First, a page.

At least 17,000 cases are now missing with the recent data loss incident within the Dallas Police Department, full reported expected soon

Dallas, TX – As we already reported multiple times, Dallas Police Department lost huge amount of data in two separate incident that happened in the last few months.

Although specialists are working hard to recover as much data as possible, it looks like that majority of the lost data can never be recovered.

As the time passes, officials with the Dallas Police Department are slowly acknowledging what cases and what kind of data was lost in the two incidents.

The investigation shows that at least 17,000 separate cases were affected and the data tied to those cases is probably lost forever.

The first incident happened last March when nearly 1 million files were deleted while IT worker tried to move and transfer the data on another server.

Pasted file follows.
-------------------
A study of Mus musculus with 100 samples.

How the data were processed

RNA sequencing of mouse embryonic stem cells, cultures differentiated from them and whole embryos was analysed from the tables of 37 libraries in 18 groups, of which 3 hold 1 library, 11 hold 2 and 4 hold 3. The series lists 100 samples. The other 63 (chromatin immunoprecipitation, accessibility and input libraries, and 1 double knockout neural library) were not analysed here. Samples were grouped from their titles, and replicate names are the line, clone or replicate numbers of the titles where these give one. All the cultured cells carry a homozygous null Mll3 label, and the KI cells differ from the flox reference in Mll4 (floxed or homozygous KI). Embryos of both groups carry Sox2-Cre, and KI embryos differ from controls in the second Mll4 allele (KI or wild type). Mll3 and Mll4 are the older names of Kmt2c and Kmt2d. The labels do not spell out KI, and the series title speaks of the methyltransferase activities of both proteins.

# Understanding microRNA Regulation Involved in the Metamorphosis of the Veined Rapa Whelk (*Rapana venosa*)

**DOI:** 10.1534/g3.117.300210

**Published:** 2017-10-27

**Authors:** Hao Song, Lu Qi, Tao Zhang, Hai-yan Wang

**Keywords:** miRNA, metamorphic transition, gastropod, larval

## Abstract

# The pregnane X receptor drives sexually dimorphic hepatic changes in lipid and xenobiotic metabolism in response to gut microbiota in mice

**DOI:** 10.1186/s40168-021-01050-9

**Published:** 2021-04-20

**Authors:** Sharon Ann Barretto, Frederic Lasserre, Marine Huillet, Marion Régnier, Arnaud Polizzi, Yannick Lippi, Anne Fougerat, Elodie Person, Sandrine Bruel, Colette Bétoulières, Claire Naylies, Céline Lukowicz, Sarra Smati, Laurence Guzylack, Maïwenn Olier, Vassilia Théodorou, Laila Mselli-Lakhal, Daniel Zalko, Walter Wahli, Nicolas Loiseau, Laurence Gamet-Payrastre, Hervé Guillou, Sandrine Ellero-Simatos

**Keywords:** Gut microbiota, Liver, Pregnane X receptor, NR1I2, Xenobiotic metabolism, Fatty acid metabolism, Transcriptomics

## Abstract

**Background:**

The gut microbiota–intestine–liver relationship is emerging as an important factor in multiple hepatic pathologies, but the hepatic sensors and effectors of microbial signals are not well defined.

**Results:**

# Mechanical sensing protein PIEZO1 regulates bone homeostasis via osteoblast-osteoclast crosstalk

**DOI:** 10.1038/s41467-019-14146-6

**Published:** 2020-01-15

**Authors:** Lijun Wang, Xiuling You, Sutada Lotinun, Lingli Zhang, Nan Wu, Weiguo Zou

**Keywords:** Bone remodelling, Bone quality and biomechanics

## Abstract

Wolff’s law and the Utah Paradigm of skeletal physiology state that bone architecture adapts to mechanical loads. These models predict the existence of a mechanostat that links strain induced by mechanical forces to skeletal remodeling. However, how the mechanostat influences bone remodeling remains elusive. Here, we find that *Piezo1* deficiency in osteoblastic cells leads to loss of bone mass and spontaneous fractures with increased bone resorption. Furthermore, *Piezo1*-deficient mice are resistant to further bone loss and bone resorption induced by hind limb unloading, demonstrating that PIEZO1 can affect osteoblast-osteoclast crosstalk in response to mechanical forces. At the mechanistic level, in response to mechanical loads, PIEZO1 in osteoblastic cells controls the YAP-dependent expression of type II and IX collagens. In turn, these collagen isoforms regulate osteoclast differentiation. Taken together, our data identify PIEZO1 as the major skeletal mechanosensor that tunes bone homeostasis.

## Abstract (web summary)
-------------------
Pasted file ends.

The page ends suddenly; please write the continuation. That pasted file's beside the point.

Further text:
While investigators were trying to determine what happened in the incident, they found out that another, much bigger incident happened after the first one when at least 5 million files were deleted the same way.

Attorney Russell Wilson is a former Dallas County prosecutor.

“So the absence of that information is going to impact some of these cases,” he said. “And we could potentially see cases just thrown out altogether, right? I certainly would expect that there will be some cases that the prosecution cannot go forward.”

What prosecutors fear the most is the fact that among that data important evidence might be lost needed for convicting criminals.

“In some instances, it may have even taken away the ability to justify the initial arrest to begin with,” he said.

An outside firm is also conducting an investigation. Another city council committee will hear a presentation on what was lost and possible root causes on Thursday.

The city says of the 17,000 criminal cases affected, 1,000 cases are prioritized by the DA’s office.

“You’ve got to get more specifics,” Wilson said. “I think you would expect the defense to argue that the state can no longer meet its burden of proof.”

texasstandard.news contributed to this report.